An anonymous hacker has published detailed personal record and financial information about a host of celebrities and public figures across the worlds of Hollywood and politics, that includes Vice President Joe Biden, Beyonce, and Jay-Z.
The hacking attack is a comprehensive one and involves a roll call of names that includes actors Mel Gibson, Ashton Kutcher, reality stars Kim Kardashian and Paris Hilton, former Secretary of State Hillary Clinton, FBI director Robert Mueller, and Los Angeles Police Department (LAPD) chief Charlie Beck.
The site where the information was posted exposes credit card details, contact information, social security numbers, and mortgage payments, and other data. All was made public via screen shots of online banking information.
TMZ broke the story.
No doubt, due to the scale of the boldness and scale of hacking, the Los Angeles Police Department has joined forces with the FBI to investigate the violations.
Cyberattacks are an increasing phenomenon in life in general. In December, a hacker who admitted to stealing nude photos from various stars, including Scarlett Johansson was sentenced to 10 years in prison.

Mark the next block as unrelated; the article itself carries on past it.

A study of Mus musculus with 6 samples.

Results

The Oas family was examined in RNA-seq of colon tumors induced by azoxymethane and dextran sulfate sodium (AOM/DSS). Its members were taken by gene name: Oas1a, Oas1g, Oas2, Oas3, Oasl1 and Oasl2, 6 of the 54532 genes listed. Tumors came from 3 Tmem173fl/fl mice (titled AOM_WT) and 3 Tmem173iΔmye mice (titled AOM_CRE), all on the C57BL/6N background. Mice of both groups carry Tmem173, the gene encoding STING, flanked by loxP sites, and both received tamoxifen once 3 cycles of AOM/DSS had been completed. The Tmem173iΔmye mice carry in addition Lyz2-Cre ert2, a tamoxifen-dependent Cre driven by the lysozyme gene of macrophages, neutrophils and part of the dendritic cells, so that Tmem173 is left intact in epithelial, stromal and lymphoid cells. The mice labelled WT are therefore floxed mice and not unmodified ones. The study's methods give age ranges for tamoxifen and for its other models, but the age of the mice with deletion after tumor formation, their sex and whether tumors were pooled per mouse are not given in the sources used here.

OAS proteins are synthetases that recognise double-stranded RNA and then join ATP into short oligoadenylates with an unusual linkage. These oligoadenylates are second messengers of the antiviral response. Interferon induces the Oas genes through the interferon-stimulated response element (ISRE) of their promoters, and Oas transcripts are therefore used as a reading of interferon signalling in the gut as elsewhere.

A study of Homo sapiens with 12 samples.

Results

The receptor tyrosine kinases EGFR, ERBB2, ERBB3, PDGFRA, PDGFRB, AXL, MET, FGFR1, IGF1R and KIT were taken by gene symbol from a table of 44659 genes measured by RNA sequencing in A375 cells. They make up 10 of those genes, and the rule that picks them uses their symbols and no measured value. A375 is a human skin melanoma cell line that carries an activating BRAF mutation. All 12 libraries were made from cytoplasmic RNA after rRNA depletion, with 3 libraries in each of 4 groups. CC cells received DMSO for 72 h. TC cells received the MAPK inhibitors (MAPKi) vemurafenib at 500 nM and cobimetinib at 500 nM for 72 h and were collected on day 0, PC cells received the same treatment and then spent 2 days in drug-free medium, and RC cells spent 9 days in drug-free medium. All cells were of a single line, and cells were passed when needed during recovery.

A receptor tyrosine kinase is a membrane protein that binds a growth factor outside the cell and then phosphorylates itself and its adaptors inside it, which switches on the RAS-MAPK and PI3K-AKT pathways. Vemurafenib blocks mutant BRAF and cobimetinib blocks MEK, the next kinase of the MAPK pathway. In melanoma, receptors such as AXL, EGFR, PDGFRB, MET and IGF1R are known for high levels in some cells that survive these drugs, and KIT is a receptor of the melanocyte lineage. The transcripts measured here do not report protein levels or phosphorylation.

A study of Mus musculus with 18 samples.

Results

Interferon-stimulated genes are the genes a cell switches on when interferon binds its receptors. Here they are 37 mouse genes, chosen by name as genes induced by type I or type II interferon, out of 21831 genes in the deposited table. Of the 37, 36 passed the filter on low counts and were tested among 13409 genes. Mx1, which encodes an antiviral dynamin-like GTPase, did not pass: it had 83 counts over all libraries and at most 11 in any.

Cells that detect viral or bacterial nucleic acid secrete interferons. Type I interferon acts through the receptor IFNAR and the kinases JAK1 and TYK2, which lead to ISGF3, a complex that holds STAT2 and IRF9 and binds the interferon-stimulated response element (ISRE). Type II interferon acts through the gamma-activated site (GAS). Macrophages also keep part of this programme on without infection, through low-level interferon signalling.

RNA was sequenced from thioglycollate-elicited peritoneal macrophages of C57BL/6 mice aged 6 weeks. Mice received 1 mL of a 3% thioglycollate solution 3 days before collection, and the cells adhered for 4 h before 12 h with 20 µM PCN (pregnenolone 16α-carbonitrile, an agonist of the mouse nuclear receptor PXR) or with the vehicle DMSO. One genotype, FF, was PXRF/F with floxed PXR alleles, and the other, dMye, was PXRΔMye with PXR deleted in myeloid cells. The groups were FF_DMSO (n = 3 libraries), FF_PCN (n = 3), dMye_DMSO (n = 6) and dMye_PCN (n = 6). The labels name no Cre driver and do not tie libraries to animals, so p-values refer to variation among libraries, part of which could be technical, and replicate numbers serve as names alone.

But it seems the rot goes far wider. Cyber-espionage expert Dmitri Alperovitch, former head of threat research at McAfee and co-founder of CrowdStrike, says:
“I know of major Hollywood studios that have worked on distribution rights and other negotiations with Chinese companies and have been hacked before those negotiations had been completed because the Chinese wanted their negotiation playbook. The other side knows exactly what they’re planning to do and will cheat and get their way in the negotiation.”
Meanwhile, the New York Times, Washington Post and Wall Street Journal recently reported their computer systems had been hacked, allegedly by a high-level hacking group sponsored by the Chinese government.
When a seemingly disparate spectrum of targets of this scale and visibility have their most sensitive details hacked with apparent ease, President Obama’s recent statements about cyber-attacks have never seemed more prescient.